WikiLeaks released the statement below on June 16 to mark six months since its editor-in-chief Julian Assange was placed under house arrest in Britain.
A Swedish prosecutor, Marianne Ny submitted a European Arrest Warrant for questioning in relation to a preliminary investigation regarding allegations of sexual misconduct in Sweden.
The allegations are controversial due to the involvement of a politician in reopening the investigation, which was previously closed, the actions of Swedish police and because both complainants (who went to the police together after meeting each other) admit to multiple consensual sexual acts, over multiple days, with Mr Assange.
Both complainants admit consenting to sex and that consent to sex was not removed at any stage. The allegation made is that Mr Assange did not immediately inform the complainants that a condom had split or that he was not wearing a condom.
Although Mr Assange has volunteered to be heard using standard European cooperation mechanisms such as the Mutual Legal Assistance.
These offers have, without explanation, been refused. Due to the “rubber stamp” nature of the European Arrest Warrant system, Mr Assange cannot put the allegations to the test.
However, even the allegations as they are made do not amount to crimes in Britain. If he were to go to Sweden he would be kept in detention indefinitely and incommunicado.
If charged, he will be subjected to a trial held in secret. He will not be allowed to see all the evidence against him.
Outside observers will not be able to scrutinise the merits of the case.
Julian Assange voluntarily stayed in Sweden for four weeks to clear his name. During this time he repeatedly tried to arrange a time to be questioned.
The prosecutor who issued the European Arrest Warrant and the Interpol red notice was asked if he could leave Sweden, and she confirmed that he could.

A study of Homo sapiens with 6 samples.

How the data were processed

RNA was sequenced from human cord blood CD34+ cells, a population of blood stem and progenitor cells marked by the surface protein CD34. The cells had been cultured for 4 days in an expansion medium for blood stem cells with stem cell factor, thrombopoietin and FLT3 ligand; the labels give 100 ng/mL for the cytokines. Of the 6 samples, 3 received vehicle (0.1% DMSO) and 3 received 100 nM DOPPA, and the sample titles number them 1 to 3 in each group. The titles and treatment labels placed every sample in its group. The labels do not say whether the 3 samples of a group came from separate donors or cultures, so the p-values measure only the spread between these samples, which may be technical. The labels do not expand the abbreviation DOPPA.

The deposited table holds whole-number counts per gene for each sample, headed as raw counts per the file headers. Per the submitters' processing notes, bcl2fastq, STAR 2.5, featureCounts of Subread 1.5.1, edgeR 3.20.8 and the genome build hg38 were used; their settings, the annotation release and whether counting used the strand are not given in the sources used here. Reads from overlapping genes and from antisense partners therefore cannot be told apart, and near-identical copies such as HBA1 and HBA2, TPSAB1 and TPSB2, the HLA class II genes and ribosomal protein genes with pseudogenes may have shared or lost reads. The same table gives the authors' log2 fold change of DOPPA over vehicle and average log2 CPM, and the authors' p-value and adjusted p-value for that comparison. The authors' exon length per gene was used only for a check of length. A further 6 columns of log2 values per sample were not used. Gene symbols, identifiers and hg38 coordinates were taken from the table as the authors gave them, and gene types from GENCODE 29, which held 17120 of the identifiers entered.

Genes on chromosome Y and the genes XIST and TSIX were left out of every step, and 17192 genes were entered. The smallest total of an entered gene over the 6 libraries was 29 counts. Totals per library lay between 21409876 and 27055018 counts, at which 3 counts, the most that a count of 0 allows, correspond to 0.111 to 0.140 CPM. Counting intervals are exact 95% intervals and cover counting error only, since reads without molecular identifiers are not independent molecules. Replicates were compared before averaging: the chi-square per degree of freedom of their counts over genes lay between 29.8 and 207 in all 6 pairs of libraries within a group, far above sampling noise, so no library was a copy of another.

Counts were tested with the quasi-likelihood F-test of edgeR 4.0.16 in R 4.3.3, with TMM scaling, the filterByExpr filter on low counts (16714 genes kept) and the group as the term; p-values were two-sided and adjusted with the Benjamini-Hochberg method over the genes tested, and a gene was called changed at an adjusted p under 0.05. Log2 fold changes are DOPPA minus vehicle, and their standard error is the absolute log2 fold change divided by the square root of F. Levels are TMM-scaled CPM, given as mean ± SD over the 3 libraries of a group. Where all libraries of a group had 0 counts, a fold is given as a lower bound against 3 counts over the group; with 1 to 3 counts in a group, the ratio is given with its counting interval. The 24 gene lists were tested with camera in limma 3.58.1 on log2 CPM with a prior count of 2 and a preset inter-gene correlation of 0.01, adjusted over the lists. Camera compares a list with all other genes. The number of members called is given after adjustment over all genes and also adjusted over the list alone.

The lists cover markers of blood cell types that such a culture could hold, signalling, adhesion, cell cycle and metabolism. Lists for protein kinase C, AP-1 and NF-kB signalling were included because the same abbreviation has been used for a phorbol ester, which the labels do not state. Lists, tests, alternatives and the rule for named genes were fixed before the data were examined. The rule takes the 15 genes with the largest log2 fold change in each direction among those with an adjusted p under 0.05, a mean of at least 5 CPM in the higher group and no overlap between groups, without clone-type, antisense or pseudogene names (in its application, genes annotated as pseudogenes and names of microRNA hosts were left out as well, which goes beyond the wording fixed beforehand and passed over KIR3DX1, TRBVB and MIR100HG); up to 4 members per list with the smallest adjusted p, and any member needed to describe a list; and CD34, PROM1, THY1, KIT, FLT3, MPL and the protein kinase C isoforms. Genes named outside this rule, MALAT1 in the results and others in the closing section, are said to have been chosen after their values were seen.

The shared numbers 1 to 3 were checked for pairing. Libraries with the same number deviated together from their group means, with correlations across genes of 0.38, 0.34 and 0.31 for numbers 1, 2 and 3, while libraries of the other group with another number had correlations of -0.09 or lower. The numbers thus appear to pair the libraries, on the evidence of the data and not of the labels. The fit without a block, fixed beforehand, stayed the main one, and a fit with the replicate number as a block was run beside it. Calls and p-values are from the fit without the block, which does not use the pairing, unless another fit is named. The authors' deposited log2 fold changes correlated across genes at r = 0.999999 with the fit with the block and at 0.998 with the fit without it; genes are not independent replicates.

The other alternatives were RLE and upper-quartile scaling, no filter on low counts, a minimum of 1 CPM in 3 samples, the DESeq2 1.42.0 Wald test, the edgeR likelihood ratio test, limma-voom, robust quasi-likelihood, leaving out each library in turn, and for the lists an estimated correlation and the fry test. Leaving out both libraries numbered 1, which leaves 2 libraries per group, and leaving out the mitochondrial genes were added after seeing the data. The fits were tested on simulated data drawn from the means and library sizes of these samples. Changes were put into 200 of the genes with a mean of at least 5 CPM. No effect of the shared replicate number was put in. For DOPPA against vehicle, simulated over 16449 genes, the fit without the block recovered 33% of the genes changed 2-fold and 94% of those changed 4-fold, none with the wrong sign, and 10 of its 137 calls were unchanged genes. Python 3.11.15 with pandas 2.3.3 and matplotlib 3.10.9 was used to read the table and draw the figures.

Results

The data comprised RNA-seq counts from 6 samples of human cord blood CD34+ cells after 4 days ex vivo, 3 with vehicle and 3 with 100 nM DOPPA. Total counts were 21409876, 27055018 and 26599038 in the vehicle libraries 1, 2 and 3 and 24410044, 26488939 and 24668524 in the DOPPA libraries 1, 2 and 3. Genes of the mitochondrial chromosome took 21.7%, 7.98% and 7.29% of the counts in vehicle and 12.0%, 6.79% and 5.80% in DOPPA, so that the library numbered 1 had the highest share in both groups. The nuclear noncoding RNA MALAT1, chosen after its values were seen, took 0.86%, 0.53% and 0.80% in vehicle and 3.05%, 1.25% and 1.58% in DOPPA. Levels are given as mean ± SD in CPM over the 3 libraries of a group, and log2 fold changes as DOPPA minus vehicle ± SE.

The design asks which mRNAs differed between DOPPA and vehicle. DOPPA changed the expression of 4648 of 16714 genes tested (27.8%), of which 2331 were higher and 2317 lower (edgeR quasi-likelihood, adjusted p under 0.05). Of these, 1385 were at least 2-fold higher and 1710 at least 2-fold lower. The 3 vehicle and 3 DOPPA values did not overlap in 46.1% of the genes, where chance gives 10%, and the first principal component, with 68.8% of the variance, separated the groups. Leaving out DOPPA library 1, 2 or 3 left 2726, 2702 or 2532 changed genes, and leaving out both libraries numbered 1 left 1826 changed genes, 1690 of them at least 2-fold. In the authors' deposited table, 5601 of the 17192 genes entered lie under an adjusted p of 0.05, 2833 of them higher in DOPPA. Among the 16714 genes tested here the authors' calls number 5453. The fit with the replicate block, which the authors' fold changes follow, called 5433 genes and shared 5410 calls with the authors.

Only after Julian Assange had arrived in Britain and moments before WikiLeaks started to publish the US Diplomatic Cables, the Swedish authorities decided to issue a European Arrest Warrant and, unusually, an Interpol Red Notice.
In the US, the Obama administration declared Julian Assange and WikiLeaks to be “hi tech terrorists”. Both the Pentagon and the CIA initiated publicly declared task forces.
In Australia, Julian Assange’s home country, the government started a “whole of government task force” into WikiLeaks, including both their intelligence agencies, the Department of Defence and the Federal Police.
However, after public outrage, the Australian government subsequently found no laws had been breached and dismissed the inquiries.
Back in Sweden, the Swedish government, in violation of its own laws gave Julian Assange’s identity and the details of the unconfirmed allegations against him to the press, defaming him around the world.
When agreements that allowed for Julian Assange’s safe travel to Sweden to give his side of the story were not honoured, Julian Assange continued to request a hearing with the Swedish authorities from Britain.
Despite this, Sweden has refused to cooperate with him and resorted to excessive force by preventing his freedom of movement.
The Swedish government has refused to state that it will not hand over Mr Assange to the United States. This is why he is fighting this disproportionate and unfair extradition order.
Whilst fighting this battle, and trying to continue with his important work for freedom of information, he is being forced to remain in unfair and undignified conditions.
On the six-month anniversary of his house arrest his supporters and staff have been interviewed to explain their perspective of his bail conditions and describe their impact on Julian Assange, and WikiLeaks’ work.